New Englanders Earthside, last October, came out swinging with one of the strongest and most daring debut albums of the last few years, A Dream In Static. The band didn’t pull any stops on this record- it features vocal performances by highly several acclaimed singers, an orchestral backing by the Moscow Symphony Orchestra, and dizzying instrumental performances by the band and a number of guest artists. The result is a highly impressive and bombastic blend of styles, underpinned by existential tones.
The album begins with the dense and atmospheric instrumental, ‘The Closest I’ve Come’. The song serves as a fitting introduction to the album for the listener, as it deftly shifts from soaring guitar and synth choruses to jarringly heavy polyrhytmic sections. This song is very reminiscent of the atmospheric progressive metal of Scale the Summit.
‘Mob Mentality’ is an exciting, intense tour de force, and easily one of my favorite songs on the album. Lead vocals are handled by Sevendust singer Lajon Witherspoon, of whom I have always been a big fan. The combination of his powerful vocals, full orchestral backing from the Moscow Symphony Orchestra, and the bands’ heavy instrumentation make for a thrilling piece of music. Although Sevendust is not considered progressive metal, Lajon handles the complex melodies and time signatures with relative ease. The melodies and hooks are catchy, but the song is dense and demanding- in other words, a quintessential progressive metal song.
The title track, ‘A Dream in Static’, is a more direct and cohesive musical statement. It features Daniel Tompkins, of TesseracT fame, on lead vocals. His voice pierces through scintillating instrumental work in a way that reminds me of a more straightforward Choirs of the Eye-era Kayo Dot. ‘Entering The Light’ features a hypnotic dulcimer performance from Max ZT, backed by the band and the Moscow Studio Symphony once again, that manages to be both contemplative and urgent. ‘Crater’, one of the heavier tracks, features the vocal performance of Bjorn Strid of Soilwork fame, once again blending hooks with complex arrangements. Despite Soilwork’s heaviness, Strid shows off his vocal versatility with a performance that is both strong and delicate. ‘The Ungrounding’ sounds like it could be Animals as Leaders with a keyboardist, with heavy guitars backed by arpeggiating keyboards and blistering polyrhytms on the drums.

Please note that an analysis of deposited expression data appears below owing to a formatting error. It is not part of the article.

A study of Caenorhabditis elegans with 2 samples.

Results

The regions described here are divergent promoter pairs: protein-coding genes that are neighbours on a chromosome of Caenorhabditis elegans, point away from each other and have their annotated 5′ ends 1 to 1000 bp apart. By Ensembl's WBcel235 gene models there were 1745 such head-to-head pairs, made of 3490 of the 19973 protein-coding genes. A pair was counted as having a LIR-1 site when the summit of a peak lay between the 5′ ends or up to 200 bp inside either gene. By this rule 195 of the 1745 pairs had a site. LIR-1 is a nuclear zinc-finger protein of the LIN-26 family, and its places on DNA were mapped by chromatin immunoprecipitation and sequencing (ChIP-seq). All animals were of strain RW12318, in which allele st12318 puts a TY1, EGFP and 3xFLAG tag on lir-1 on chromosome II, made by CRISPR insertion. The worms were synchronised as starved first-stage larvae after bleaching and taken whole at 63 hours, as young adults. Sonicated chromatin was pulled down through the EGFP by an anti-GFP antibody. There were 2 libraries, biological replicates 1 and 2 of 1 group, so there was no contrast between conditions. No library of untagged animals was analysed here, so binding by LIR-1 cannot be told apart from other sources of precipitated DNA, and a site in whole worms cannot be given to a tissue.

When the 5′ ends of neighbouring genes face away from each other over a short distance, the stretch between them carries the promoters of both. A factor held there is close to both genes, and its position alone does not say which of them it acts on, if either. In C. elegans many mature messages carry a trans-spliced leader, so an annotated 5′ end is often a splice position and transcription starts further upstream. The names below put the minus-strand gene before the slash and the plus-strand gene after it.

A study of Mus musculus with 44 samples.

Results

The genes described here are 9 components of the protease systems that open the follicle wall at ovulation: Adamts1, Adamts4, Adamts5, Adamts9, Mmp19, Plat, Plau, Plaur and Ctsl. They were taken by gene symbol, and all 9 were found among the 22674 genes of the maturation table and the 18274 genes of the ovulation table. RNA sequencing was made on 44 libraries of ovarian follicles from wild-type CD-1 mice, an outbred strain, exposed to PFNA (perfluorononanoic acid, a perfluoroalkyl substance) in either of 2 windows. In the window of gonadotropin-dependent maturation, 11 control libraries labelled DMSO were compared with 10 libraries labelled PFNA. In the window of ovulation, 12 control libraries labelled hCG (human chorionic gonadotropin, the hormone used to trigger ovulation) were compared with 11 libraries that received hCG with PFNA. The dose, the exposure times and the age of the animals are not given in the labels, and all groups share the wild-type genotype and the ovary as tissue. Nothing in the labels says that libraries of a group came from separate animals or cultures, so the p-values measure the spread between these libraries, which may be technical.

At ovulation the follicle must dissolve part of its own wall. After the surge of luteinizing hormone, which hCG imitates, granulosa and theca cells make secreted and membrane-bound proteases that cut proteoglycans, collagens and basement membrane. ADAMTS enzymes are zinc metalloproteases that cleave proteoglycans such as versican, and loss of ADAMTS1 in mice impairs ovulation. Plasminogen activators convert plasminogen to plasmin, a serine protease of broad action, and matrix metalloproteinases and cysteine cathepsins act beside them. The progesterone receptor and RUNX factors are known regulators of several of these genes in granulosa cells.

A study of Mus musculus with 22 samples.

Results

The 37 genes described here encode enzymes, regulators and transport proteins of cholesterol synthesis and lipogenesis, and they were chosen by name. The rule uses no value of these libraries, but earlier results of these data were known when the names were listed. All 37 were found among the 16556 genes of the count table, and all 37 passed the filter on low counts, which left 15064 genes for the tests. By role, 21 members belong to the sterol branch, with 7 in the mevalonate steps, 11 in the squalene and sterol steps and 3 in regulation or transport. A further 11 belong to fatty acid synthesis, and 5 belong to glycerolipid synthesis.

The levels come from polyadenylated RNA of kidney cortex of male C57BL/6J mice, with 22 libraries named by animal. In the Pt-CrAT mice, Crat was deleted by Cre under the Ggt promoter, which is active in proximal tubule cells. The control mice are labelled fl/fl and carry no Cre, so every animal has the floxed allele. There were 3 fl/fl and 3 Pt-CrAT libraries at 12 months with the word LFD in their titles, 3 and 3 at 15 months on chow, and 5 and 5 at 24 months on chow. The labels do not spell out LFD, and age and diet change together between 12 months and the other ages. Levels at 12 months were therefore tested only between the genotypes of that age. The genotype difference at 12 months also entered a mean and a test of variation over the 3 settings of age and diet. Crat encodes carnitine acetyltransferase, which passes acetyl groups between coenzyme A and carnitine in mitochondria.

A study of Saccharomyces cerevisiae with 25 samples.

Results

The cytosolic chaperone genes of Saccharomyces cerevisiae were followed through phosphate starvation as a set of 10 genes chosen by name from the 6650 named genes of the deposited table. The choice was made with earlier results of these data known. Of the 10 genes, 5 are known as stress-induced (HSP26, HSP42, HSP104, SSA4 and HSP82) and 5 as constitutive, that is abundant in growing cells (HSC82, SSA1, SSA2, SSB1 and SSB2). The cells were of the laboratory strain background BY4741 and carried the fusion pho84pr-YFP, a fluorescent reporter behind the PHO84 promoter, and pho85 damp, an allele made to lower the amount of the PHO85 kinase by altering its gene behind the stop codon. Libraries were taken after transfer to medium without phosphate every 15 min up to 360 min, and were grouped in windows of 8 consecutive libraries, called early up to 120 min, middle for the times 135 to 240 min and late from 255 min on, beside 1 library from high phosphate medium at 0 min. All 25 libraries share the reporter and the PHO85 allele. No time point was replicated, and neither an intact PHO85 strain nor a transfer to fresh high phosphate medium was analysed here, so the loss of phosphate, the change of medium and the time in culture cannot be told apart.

The final track ‘Contemplation of the Beautiful’, serves as a bewildering capstone to an already demanding album. Eric Zirlinger of Face the King (formerly of Seer), sings a gritty, bruising vocal performance over slow, churning guitar riffs, crushing drums and bass, and mesmerizing keyboard and orchestral arrangements. By the end of this song, you’ll want to take some deep breaths, a walk to clear your head, or maybe even a nap. To repeat: Earthside’s A Dream in Static is not a passive listen. Some more seasoned progressive metal will be well adapted to this level of required music commitment, but fans of more mainstream alternative metal may be turned off at the bombast and complexity.
Despite the fact that there are several guest artists from various bands, the album works together very effectively as a cohesive whole. Each vocalist adds their own personality to the song, but they function more as actors performing musical monologues in the overall drama. And, as the artists themselves have stated, the album should have a coherent, cinematic feel. While each of the members of the band shine brilliantly on this album, Ben Shanbrom’s drum work stood out to me as a stellar performance, as a blend of the hard hitting math of Danny Carey (Tool), the frenetic intensity of Danny Walker (Intronaut), and the tastefulness of Gavin Harrison. My only point of criticism would be that, in certain parts, when other instruments drop out, the mix can be too low on vocals- for example, in Lajon’s more subdued pre-chorus moments, it is often times harder to hear him. I can imagine that mixing a band, an orchestra, and a singer is not an easy task. Other than that minor detail, this album is an impressive debut from a highly skilled group of artists, and I almost feel bad that they set the bar so high with their debut, because we all will be expecting a lot from Earthside.